Trade has been brisk at the corner of Scotland Road and South Orange Avenue since at least 1809. At that time, a general store stood where 75 South Orange Ave. now stands; the store did a brisk trade in chocolate, at 33 cents per pound, chamber pots, and calico measured in “nails.” (According to “Maplewood Past and Present: A Miscellany,” there were 16 nails to a yard of fabric.)
The location, at the intersection of two busy streets, made sense then and has ever since, according to the current owner of the property, Stuart Wainberg. In more recent history, the building was owned by the Tublitz family, for some 65 years. As it does now, 75 South Orange Ave. held a pharmacy. (South Orange Pharmacy is the building’s newest resident.) “During the Depression, they made local deliveries,” explains Wainberg. “That helped the pharmacy stay in business.”
Tublitz bought a number of properties, which he joined and updated in the style of the times. As he aged and moved away, the family looked for new owners. Wainberg stepped in. “I saw the opportunity,” he explained. “It’s a well-located property, so now it’s about creating the right feel.” He plans to “restore the glory and expose the beauty” of the old building, naming it South Orange Square in the process.
Indeed, it’s easy to walk past the elaborate decorative elements hiding under the white paint. The top of the building boasts an acanthus leaf frieze flanked by two volutes. Below them, above a row of windows, an urn and swags are carved in relief. The neo-Classical influence extends to the geometric decoration below the urn and the narrow carved columns that flank the windows.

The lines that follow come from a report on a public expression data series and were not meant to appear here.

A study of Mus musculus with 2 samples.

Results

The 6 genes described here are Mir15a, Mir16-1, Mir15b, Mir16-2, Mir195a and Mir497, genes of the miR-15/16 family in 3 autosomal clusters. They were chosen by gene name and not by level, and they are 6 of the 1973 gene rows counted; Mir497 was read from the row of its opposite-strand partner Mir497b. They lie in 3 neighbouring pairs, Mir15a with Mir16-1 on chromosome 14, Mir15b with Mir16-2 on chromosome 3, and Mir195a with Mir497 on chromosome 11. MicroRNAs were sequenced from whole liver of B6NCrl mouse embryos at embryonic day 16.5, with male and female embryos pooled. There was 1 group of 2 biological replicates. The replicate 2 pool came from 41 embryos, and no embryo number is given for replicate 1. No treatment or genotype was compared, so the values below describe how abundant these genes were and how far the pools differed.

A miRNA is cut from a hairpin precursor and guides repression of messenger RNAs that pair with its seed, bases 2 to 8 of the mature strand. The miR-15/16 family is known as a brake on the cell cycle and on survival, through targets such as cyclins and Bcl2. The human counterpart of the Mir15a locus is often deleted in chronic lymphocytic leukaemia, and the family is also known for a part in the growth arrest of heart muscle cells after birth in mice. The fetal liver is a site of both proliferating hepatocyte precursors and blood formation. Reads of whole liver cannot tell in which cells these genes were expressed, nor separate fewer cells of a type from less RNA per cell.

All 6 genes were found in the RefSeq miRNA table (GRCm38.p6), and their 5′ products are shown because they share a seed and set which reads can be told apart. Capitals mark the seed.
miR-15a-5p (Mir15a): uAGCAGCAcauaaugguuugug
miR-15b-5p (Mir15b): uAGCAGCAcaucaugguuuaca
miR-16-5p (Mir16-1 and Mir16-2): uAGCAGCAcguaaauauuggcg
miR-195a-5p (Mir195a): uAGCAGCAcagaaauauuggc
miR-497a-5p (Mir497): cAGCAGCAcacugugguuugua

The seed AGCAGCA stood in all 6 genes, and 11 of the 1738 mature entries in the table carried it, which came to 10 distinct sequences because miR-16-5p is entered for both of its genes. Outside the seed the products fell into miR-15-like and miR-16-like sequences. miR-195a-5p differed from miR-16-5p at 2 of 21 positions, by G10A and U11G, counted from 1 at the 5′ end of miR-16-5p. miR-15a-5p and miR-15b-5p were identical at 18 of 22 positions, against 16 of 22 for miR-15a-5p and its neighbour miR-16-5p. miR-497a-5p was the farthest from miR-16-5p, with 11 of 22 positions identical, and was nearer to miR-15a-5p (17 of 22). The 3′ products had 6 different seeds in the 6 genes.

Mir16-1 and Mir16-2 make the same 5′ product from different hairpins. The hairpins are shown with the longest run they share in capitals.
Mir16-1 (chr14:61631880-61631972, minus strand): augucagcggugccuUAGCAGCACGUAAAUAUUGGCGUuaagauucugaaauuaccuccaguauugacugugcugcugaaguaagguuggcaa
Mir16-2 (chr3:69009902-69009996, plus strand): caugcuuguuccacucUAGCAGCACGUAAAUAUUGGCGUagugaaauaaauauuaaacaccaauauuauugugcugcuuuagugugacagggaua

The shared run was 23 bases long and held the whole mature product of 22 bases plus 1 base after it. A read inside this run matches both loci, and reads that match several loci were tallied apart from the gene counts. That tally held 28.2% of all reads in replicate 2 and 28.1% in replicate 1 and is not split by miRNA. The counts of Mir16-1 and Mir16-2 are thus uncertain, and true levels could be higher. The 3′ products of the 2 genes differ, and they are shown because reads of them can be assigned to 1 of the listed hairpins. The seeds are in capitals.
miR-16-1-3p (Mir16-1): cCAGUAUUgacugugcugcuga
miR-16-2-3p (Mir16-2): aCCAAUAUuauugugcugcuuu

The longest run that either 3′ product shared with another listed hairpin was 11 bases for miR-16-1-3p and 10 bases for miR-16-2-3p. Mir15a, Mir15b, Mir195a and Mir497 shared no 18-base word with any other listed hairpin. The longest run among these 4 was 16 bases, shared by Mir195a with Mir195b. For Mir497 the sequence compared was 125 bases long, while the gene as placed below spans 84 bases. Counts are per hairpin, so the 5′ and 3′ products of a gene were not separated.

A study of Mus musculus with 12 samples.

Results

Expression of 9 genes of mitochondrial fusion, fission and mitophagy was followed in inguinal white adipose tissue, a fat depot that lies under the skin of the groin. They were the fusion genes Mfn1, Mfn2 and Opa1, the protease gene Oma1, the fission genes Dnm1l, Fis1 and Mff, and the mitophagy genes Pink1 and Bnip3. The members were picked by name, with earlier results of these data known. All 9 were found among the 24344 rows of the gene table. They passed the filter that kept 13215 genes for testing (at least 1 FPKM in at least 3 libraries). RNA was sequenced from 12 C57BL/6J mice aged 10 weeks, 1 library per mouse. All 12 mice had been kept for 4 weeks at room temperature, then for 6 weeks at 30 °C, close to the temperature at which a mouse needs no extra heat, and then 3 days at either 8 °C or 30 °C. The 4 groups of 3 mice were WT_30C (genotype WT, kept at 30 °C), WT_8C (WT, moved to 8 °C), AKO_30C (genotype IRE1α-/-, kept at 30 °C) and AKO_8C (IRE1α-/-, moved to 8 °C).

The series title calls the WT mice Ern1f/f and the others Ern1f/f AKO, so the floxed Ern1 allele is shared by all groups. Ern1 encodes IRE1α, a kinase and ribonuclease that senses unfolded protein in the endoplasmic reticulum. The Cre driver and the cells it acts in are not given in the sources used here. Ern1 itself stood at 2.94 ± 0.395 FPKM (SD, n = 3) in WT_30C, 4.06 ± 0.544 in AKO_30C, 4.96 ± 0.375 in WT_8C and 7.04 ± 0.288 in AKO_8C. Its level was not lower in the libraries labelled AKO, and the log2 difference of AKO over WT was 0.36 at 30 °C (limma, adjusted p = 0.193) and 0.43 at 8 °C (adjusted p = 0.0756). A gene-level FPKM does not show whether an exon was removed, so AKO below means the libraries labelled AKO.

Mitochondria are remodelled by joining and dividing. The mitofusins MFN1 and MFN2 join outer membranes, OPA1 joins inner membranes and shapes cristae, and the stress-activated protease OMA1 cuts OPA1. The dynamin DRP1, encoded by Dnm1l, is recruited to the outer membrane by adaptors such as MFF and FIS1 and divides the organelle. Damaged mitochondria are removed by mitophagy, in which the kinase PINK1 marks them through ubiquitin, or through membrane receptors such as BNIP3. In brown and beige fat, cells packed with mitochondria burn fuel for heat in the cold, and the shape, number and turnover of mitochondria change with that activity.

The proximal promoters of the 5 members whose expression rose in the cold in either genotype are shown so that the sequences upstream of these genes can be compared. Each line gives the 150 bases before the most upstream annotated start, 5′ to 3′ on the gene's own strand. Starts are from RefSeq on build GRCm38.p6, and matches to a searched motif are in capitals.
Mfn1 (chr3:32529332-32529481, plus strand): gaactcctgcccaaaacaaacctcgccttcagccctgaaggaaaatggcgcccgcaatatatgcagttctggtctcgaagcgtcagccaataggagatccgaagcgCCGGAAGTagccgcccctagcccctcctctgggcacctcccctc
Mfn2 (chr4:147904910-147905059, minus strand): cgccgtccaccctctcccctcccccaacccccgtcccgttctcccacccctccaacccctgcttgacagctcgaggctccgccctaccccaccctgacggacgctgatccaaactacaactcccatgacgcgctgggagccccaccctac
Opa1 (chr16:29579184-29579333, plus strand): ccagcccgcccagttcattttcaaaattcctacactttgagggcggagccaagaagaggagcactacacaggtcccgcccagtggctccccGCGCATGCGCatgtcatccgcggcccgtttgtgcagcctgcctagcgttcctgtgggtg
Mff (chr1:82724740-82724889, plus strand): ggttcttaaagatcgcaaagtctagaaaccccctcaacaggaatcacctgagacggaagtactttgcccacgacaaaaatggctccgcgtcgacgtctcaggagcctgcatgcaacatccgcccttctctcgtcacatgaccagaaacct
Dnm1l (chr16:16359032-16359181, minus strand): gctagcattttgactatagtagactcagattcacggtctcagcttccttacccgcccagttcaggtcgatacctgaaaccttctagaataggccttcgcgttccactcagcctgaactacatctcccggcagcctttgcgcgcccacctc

One of the most notable features of the restoration is a planned sign. With halo-lit lighting, the sign looks back to an earlier time. “I saw a 1930s photo of the sign,” explains Wainberg. “The new signage, which resembles that older sign, will create market appeal and sizzle excitement, while reflecting the historical beauty of the building.”
Wainberg looks back to an era when South Orange was the shopping center for much of the area. “Newark was the big city,” he explains, “so you would come to South Orange to shop, to eat, to see people you knew. Then and now, retail and entertainment go together.”
He speaks with great enthusiasm of Main Street South Orange and the energy of town merchants. “Our answer to the recession,” he says, “is to reinvest in South Orange.”
Note from the writer: Since taking these photos, I have returned three times to study the building. The decorative details are worth a look. If you see something that I missed, please let me know.